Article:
The Denver Police Department said it is concerned about the growing number of gun thefts, which are often used in the commission of other crimes.

Firearm thefts from vehicles have risen dramatically in Denver -- 112 were stolen from Jan. 1 to Aug. 31 of this year, according to a Denver Police Department data release Monday.

The data analyzed the number of gun thefts from vehicles from that same time period since 2010. In 2010, 36 guns were stolen from vehicles from Jan. 1 to Aug. 31. That number has increased 211 percent for 2018. So far this year (including September) 134 guns have been stolen from vehicles, DPD said.

DPD also said it has seen an upward trend when it comes to gun thefts overall -- 347 thefts have been reported from Jan. 1 to Aug. 31 of this year, a 33 percent increase from the 260 gun thefts of that same period in 2010.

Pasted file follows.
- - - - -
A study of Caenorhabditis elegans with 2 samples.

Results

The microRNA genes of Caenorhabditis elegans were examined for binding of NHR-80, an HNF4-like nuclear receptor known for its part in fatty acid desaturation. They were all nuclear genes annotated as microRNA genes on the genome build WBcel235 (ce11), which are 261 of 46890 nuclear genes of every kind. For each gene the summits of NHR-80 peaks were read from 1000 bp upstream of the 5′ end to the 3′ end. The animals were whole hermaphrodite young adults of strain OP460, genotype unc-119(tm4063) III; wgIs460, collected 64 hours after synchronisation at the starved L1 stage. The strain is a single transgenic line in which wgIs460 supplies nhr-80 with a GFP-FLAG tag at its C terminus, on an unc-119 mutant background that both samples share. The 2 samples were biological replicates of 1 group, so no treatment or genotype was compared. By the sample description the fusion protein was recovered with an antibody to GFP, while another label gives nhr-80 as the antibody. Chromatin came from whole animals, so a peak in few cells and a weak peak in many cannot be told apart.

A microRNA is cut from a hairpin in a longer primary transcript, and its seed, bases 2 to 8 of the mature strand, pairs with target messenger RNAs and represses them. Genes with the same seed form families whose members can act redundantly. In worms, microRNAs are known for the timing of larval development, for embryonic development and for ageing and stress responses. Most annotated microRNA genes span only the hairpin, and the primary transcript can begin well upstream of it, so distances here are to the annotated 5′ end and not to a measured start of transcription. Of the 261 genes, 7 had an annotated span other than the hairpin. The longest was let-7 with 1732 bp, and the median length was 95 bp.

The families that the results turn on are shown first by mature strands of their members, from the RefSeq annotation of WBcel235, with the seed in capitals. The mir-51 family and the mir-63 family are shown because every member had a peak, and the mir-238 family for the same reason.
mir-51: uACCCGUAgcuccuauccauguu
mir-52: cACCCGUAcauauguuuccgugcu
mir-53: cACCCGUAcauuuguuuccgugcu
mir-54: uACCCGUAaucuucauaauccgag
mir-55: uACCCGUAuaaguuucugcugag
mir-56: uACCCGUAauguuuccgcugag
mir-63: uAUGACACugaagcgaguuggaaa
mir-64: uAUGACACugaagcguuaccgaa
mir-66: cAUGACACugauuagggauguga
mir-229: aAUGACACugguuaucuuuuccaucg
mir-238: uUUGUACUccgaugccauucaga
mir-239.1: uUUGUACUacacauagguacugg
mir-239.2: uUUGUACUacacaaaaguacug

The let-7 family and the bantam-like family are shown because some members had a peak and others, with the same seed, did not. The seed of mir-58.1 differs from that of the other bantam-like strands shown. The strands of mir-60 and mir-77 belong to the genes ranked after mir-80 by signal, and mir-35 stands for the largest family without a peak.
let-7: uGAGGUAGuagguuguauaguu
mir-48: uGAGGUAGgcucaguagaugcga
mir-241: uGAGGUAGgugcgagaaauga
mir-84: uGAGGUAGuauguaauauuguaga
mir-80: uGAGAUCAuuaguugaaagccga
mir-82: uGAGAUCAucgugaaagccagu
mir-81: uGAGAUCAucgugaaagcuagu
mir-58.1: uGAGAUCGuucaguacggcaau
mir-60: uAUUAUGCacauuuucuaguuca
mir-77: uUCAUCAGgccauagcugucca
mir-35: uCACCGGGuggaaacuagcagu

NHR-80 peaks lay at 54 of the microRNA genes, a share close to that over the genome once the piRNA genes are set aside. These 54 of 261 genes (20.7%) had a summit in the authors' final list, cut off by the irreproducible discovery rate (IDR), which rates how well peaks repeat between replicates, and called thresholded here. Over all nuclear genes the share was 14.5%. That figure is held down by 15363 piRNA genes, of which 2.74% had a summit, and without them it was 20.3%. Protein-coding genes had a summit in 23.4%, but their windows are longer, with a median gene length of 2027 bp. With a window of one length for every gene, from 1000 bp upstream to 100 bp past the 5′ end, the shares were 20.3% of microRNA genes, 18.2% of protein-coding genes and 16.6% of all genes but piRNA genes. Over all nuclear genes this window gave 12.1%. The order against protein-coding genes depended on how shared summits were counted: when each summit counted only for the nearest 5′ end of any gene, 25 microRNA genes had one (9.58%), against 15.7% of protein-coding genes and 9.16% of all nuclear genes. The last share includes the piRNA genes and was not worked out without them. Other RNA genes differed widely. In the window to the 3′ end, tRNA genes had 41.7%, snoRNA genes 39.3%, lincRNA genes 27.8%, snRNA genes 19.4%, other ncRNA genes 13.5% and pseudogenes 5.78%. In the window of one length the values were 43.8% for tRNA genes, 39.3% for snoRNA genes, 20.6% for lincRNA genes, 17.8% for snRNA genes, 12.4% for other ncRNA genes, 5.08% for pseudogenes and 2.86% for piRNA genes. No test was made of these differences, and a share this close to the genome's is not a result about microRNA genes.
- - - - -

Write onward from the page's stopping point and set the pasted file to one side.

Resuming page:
Credit: Courtesy Denver Police Department

9Wants to Know first reported on the rising number of stolen guns each year in November 2017.


DPD at a Monday press conference provided a couple examples illustrating incidents in which stolen guns are used to commit other crimes:

A handgun that was stolen from a vehicle in March 2018 was used in an armed robbery, two separate incidents of unlawful discharge of a firearm and was recovered from an arrestee in a business burglary – all within a 20-day span.

A handgun that was stolen from a vehicle in May 2017 was later used in a carjacking, two felony menacing incidents and three separate incidents of unlawful discharge of a firearm during a period of six months.

Denver Police Chief Paul Pazen said taking preventative steps to secure firearms can help curb the trend and "make a positive impact on safety in our neighborhoods."

DPD said that gun owners should always remove guns from parked vehicles, including portable locking cases. For home storage, gun owners should lock them in a safe that's not easily visible from windows, DPD said.

"It is critical that we work together as a community to keep guns out of the hands of criminals," Pazen said.

If you have a newstip for 9Wants to Know, email blowthewhistle@9news.com.